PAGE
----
I grew up in journalism decades ago with crusty old editors who had a simple credo for what it was we journalists do.
Our job, they said, was to comfort the afflicted and afflict the comfortable.
I have thought about the meaning of that nearly every day in my 46 years of reporting in a profession where I have been told over and over again by good journalists, fine people, that I must always be objective in my reporting, above all else.
It's a standard I find impossible to meet.
I can't wrap my head around the idea that all opinions are to be given equal weight, that no one is right and no one is wrong.
Complete, pure objectivity is a standard no one can truly attain – not if you are a sentient human being who thinks things through.
American journalism is in a period where journalists are struggling with this, after years of having the president of the United States call us "enemies of the people" and "horrible human beings,'' and through the nationwide uproar over the death of George Floyd, an unarmed black man, at the hands of a white Minneapolis police officer.
The protests that have spread to all 50 states, from the biggest cities to small towns, are forcing journalists to reckon with questions of right and wrong. To make judgements.
This should not be hard. Daily journalism in any form – on the radio, TV, in print, and digital formats – involves constant decision-making by reporters, editors, news directors, copy editors. Who do I quote in my story? What do I include and what ends up on the cutting room floor? Should we be covering this story at all?
There is no objectivity involved in any of those decisions.
Our readers, our listeners, our viewers tell us constantly that they aren't looking for our opinions; all they want is the facts.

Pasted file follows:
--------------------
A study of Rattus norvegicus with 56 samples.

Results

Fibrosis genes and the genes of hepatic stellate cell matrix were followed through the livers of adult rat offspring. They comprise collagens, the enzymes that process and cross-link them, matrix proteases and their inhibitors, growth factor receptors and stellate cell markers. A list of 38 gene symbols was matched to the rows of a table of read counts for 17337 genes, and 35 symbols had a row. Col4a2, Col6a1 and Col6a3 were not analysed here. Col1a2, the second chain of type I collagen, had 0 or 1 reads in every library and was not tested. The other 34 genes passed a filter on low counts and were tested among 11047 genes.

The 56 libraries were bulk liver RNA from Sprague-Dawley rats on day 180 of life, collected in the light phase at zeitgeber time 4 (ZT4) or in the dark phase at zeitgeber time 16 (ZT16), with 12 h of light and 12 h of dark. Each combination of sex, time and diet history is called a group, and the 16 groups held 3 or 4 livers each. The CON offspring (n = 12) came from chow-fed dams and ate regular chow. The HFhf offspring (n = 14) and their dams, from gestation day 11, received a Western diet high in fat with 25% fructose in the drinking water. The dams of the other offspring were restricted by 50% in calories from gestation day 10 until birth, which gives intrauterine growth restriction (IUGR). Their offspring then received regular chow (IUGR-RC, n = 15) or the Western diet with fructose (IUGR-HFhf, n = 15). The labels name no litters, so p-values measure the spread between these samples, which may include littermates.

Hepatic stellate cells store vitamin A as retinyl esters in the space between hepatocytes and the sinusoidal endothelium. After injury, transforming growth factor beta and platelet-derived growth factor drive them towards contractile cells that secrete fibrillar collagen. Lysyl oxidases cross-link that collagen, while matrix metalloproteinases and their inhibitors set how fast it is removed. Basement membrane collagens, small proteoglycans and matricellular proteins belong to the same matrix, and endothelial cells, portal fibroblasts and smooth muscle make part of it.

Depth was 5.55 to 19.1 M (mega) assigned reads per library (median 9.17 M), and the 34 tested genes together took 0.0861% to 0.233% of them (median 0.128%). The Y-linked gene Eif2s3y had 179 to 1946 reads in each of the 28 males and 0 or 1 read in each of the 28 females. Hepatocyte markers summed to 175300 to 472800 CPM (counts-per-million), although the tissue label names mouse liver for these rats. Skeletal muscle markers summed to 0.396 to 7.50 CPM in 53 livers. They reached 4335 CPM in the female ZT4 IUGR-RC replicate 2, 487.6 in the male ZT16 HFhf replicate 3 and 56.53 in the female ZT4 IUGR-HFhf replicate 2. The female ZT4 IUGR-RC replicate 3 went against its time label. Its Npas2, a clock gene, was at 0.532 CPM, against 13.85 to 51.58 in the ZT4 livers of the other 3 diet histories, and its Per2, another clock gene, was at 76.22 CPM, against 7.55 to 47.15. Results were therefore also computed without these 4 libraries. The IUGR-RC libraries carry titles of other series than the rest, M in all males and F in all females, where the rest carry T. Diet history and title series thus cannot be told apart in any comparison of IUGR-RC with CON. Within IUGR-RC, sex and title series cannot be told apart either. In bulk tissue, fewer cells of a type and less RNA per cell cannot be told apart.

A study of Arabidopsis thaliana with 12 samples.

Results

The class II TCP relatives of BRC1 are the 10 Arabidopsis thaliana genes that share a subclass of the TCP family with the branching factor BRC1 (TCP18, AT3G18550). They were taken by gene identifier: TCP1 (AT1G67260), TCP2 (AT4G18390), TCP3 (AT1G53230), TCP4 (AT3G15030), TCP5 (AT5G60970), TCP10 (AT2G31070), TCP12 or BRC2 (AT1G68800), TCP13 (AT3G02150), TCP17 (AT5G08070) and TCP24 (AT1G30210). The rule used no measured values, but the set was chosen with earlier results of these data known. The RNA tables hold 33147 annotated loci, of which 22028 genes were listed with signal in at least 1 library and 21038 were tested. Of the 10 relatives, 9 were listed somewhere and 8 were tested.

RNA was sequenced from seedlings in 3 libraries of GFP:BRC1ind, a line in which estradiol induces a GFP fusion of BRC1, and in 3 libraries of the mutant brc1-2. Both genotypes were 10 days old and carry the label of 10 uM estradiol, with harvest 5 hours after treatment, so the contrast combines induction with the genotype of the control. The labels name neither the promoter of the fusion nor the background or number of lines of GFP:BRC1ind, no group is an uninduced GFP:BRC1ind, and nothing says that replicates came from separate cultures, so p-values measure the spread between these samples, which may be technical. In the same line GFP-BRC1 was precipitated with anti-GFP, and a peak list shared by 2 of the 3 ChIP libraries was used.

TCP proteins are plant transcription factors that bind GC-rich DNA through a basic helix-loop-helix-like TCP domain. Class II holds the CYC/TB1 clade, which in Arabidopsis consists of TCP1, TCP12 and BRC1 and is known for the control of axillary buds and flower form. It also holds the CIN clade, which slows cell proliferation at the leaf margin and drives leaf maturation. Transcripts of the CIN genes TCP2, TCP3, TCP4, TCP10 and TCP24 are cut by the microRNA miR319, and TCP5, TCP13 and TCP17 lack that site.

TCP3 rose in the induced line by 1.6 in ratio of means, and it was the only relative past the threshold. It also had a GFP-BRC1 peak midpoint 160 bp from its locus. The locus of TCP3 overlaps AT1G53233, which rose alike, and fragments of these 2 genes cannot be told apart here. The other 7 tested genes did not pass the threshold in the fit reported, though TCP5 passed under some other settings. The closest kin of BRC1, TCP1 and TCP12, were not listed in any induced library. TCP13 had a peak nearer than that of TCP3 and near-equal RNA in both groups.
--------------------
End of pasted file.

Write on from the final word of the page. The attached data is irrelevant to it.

They want objectivity, however they might define it. I don't try to define it; I can't.
Most of us, I believe, strive for fairness rather than objectivity – reporting that is complete, fact-checked, reliable and honest. And most of all, fair.
We're living in a time when journalists are being pulled into the battle for fundamental human rights for all Americans whether we want to be or not. Many of us are fine with that.
In the past few weeks, we've seen rank-and-file journalists at newspapers such as The New York Times and the Philadelphia Inquirer rebel against the decision-making of editors on issues related to the Black Lives Matter movement.
Those rebellions have cost some top editors their jobs.
We've seen hundreds of our fellow reporters and photographers being attacked and harassed by law enforcement during massive demonstrations where wearing a badge saying "press" is a useless, meaningless exercise. We've seen one photographer lose an eye in a confrontation.
As a profession, we tend to wrap ourselves in the First Amendment and its guarantee of press freedom and sometimes forget that everyone else in this country has rights that are just as important as ours. And that we have an obligation to defend as well as our own.
What I am saying to my fellow journalists is this:
It's OK to stand up for civil rights for all – for racial justice, gender equality, for LGBT rights, for the civil rights of all. Loudly and consistently.
If we stand by and pretend to be nothing more than stenographers and recording secretaries while our world is turning on its ear, we are certain to become irrelevant and be left behind.